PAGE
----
How can Shakespeare's Hamlet be analyzed using Feminist and Psychoanalytic literary theories?


  • Feminist Theory

--Inequality of the sexes: In the early part of the play, Hamlet reviles his mother, and blames her for having married her brother-in-law, accusing her of an incestuous relationship (1.2.161-162), as well as villainy (1.5.108). But, he mentions little about Claudius at this point.

--Oppression by patriarchy: Hamlet berates his mother for having a sexual appetite that kept her from reason as she married his uncle, accusing her as a woman of being "frail" (1.2.150).

--Patriarchal ideology: Laertes warns his sister to protect her virginity (her "chaste treasure"), but his warnings are more concerned with whom Ophelia can attract as a husband (1.3.27-39) since marrying a virgin ensures that a man's heirs will be legitimate. Ophelia illuminates the double standard of her brother as she points to his having been promiscuous himself ("puff'd and reckless libertine").

In an example of patriarchal power, Polonius exploits his daughter Ophelia by having her talk to Hamlet and report everything that he says to her. Later, Ophelia feels so dominated by her father, whom she must obey as an unmarried woman, and abused by the behavior and insults of Hamlet, who perceives her as a symbol of feminine corruption, that she commits suicide.

Certainly, gender issues play a large role in Shakespeare's Hamlet.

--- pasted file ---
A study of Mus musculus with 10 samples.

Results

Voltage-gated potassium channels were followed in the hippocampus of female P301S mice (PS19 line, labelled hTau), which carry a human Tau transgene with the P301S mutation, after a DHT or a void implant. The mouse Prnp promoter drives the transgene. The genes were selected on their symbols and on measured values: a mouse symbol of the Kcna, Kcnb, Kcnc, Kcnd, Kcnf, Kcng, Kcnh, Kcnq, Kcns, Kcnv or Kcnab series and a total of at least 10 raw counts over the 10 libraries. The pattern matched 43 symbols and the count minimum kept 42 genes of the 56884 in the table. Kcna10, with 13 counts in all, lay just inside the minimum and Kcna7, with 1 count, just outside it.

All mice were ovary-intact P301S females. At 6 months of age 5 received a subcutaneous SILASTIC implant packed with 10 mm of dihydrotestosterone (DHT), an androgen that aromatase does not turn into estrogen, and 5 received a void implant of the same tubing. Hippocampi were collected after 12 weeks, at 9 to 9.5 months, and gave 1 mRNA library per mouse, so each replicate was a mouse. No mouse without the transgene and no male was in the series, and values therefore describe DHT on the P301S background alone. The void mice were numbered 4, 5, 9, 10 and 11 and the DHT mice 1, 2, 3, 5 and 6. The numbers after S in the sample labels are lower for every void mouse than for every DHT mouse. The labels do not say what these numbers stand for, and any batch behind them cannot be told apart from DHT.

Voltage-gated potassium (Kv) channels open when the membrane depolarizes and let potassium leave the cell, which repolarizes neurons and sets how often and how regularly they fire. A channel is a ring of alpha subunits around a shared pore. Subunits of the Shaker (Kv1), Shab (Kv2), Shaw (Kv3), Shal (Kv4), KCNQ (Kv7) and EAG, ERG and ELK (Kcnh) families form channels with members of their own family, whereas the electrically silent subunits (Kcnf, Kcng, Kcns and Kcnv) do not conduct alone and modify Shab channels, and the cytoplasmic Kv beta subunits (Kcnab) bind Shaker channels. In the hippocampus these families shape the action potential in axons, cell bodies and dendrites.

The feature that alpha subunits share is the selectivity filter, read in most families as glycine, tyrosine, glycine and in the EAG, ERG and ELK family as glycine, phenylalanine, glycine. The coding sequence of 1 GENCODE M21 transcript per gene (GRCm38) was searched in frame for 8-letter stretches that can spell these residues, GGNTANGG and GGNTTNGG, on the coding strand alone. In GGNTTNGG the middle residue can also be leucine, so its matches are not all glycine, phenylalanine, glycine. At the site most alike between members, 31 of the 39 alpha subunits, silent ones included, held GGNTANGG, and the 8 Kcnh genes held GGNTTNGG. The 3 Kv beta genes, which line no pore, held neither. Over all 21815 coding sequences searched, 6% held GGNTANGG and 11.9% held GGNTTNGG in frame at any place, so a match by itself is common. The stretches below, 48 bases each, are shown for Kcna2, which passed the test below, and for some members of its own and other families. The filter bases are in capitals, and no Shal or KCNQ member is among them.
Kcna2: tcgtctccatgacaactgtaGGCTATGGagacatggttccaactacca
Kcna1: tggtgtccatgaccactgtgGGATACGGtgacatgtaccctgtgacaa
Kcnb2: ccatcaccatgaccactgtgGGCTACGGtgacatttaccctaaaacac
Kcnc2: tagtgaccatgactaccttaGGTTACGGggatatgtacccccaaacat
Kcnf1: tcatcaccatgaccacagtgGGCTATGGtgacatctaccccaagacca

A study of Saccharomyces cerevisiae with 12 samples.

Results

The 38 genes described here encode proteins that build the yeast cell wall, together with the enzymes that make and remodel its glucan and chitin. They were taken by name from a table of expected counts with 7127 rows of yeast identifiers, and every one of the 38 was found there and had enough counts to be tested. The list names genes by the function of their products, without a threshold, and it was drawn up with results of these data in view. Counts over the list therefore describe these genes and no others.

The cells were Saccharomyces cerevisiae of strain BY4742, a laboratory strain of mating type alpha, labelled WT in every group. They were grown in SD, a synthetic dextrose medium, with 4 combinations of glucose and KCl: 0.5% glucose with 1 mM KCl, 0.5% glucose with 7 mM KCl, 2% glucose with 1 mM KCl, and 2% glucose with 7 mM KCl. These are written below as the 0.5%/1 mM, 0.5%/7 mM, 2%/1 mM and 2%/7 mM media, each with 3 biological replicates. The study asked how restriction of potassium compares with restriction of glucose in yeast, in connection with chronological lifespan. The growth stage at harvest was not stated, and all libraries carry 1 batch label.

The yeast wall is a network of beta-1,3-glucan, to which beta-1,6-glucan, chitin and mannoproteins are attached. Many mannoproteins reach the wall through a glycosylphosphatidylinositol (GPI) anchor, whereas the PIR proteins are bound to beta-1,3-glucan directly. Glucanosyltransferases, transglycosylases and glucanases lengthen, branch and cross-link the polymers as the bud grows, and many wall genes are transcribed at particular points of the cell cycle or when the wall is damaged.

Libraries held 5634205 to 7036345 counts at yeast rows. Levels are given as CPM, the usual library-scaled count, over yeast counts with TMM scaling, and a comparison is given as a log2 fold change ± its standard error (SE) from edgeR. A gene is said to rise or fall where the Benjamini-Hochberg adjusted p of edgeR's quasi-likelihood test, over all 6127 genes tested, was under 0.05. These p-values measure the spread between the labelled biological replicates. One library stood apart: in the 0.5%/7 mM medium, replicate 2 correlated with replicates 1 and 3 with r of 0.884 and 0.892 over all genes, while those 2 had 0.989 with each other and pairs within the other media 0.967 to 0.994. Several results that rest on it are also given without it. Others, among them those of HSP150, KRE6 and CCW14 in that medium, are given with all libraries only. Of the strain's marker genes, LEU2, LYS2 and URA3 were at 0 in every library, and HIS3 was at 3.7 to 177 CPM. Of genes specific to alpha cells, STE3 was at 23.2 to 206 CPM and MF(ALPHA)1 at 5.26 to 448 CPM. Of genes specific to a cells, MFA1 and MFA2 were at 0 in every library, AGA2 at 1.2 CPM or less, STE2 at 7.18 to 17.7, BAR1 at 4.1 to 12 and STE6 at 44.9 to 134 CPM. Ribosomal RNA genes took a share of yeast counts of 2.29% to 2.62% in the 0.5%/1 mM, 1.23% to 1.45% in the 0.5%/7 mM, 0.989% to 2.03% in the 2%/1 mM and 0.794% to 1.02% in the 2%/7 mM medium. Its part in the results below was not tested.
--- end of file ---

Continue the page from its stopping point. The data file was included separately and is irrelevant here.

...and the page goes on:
• Psychoanalytic theory

--Attachment: This term applies to the emotional attachment of child and caregiver, so the turbulent and questionable relationship of Hamlet with his mother comes into play, along with his devotion to his father.

After he talks with the ghost of his father, Hamlet is incensed, vowing to avenge his death. Then, when he returns to the castle and ponders the swift marriage of his mother, Hamlet again is enraged because he feels that his mother has corrupted her role by marrying her brother-in-law.

--Transference: This term applies to "the inappropriate repetition in the present of a relationship that was important in a person's childhood."

Certainly, much has been made of the odd relationships of Hamlet to both his mother and Ophelia. For, Hamlet is accused of an Oedipal relationship with Gertrude. At any rate, he does ask his mother in Act III not to sleep with Claudius, and he tells her in Act III, Scene 4 that he will ask for her blessing when she repents.

--Proximity Maintenance: This term pertains to an individual's desire to be physically close to the caregiver. In Act III Hamlet says that if his mother will refrain from having a relationship with Claudius, he will visit her and become closer to her.